The Green Budget
The Institute for Fiscal Studies thinks the chancellor is right not to start moving to a Plan B. Though borrowing could come in slightly lower than expected this year, the Institute's "Green Budget" says that "having set out his fiscal consolidation plan, it is important that Chancellor George Osborne resist the temptation to engage in any significant net giveaway in the Budget".
"While last week's growth figures were disappointing... any fiscal loosening aimed at helping the economy could be ineffective if it prompts an offsetting monetary tightening, and risks undermining investor confidence..."The macroeconomic parts of the report were put together with senior economists from Barclays Wealth. They are quite gloomy about the economy's long-term potential growth rate, which they think could be lower than the Office for Budget Responsibility (OBR) has estimated (though the OBR is less optimistic on this front than the Treasury was under Alistair Darling).
On the broad economic outlook, the authors broadly endorse the government and the OBR's position - but with gloomy caveats. They think the downside risks are probably greater than the chancellor suggests. But, depressingly, the authors don't seem to think the government can do much to offset these risks - or mitigate the effects.
For example, they think there is a risk that consumption will disappoint this year - as households respond to declining real pay rates and, amongst other things, falling house prices. And they don't expect companies to rush to the rescue, with big increases in investment, even though - as I have mentioned many times here - many companies are sitting on plenty of cash. Most troubling, they worry that companies could start shedding labour in a serious way in 2011 and 2012, to raise productivity after several years when it has not risen at all.
All or any of these negative shocks could throw the government's borrowing numbers off track - with the Bank of England not necessarily able to respond. In other words - Plan A could be even worse than we think. But there may not be scope for a Plan B. They think there's a roughly 1 in 5 chance of a double dip recession in 2011.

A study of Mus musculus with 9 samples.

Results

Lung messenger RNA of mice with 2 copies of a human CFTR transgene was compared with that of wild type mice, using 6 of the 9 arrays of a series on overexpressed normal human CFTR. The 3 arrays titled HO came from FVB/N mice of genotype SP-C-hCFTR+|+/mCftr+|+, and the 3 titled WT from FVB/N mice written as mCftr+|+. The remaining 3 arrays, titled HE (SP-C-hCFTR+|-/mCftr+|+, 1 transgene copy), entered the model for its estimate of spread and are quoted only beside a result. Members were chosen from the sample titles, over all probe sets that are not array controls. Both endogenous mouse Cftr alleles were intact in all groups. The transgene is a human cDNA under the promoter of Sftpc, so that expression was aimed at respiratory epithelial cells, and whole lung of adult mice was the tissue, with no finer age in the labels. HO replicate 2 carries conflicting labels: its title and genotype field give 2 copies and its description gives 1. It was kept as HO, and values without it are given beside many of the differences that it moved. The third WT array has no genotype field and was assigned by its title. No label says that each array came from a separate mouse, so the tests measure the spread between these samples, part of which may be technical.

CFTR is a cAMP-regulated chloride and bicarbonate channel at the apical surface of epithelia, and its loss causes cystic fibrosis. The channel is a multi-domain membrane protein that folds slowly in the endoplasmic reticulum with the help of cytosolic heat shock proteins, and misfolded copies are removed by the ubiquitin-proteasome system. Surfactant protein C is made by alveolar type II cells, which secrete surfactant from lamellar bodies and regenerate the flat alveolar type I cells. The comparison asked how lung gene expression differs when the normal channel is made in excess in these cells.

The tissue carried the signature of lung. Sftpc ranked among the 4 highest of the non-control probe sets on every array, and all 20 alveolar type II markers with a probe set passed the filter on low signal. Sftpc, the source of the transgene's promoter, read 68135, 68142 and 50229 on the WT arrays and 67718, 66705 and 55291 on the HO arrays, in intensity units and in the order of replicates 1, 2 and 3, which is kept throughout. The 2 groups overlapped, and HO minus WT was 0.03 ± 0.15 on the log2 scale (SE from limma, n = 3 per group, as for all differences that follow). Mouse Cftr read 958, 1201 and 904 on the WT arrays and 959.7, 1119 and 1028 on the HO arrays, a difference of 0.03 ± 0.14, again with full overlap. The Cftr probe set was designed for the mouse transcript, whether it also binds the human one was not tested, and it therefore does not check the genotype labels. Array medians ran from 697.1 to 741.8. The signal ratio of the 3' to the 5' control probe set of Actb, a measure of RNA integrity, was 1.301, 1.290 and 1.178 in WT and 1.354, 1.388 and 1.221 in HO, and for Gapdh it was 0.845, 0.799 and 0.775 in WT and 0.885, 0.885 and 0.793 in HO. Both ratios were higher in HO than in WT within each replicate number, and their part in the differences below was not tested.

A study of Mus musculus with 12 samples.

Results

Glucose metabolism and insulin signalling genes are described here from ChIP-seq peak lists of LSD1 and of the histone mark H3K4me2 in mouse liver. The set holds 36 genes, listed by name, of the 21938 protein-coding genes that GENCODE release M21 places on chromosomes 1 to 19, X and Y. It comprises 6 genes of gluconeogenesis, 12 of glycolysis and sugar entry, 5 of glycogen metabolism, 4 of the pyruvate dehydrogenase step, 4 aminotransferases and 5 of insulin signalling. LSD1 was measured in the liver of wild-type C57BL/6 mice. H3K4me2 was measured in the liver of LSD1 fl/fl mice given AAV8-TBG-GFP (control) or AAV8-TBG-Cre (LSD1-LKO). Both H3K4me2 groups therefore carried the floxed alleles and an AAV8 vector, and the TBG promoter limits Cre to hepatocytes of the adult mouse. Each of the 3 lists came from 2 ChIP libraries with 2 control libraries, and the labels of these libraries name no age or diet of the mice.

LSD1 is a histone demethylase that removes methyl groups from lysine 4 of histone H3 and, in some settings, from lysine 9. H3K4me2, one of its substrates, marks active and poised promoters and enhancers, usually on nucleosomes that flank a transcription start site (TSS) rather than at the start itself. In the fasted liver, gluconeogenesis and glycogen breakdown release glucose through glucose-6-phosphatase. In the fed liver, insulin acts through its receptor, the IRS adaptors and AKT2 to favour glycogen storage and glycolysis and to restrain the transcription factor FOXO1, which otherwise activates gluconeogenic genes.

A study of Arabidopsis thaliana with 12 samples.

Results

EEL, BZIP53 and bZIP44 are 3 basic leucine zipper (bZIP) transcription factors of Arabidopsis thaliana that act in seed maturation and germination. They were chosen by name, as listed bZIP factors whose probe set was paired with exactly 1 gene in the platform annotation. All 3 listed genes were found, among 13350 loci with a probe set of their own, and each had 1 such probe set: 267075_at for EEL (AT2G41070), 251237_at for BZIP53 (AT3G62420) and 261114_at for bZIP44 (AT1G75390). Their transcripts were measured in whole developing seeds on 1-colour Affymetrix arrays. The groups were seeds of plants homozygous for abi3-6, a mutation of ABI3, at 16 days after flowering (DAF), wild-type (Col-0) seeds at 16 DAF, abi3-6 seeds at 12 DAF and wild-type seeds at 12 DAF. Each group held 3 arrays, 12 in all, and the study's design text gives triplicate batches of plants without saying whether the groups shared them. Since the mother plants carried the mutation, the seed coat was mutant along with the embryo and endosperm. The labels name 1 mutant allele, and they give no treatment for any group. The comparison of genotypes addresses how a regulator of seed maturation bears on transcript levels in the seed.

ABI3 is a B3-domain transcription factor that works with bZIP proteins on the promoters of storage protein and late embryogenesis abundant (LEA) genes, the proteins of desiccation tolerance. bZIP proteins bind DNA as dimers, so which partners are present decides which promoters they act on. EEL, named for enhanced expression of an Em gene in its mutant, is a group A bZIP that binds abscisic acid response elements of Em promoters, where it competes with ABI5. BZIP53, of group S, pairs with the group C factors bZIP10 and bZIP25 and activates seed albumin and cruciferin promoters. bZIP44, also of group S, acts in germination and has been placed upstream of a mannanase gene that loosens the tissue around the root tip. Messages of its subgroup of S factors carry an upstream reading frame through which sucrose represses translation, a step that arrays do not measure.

However, the report gives the lie to the suggestion that the government's cuts are similar to the consolidation plans being undertaken by other countries. Out of 29 industrial countries, only Greece is planning a sharper decline in structural borrowing between 2010 and 2015. And only Ireland and Iceland are planning a larger reduction over this period in public spending as a share of GDP.
Update 1140: There is a tension in the IFS report on the vexed question of a Plan B. (Some would say there's the same tension inside the Treasury.)
As the quote I referred to earlier suggests, the IFS and their co-authors believe strongly that the chancellor should not change the fiscal strategy as a result of the recent disappointing growth numbers.
But, in the press conference launching the report, the IFS deputy director, Carl Emmerson, has now made clear that the IFS does think the chancellor needs a Plan B - and he needs to tell us all about it. He needs to explain clearly what he would do, if the economic outlook turned out to be worse than expected.
The folks at IFS and Barclays Wealth do not think that this would be damaging to market confidence - or the chancellor's standing in financial markets. Possibly it would help.
The chancellor seems to disagree - he thinks it's risky to even mention a possible back-up plan. But they can all agree, apparently, that Mr Osborne's credibility would be hit if he was seen to actually tone down his spending plans at only his second Budget.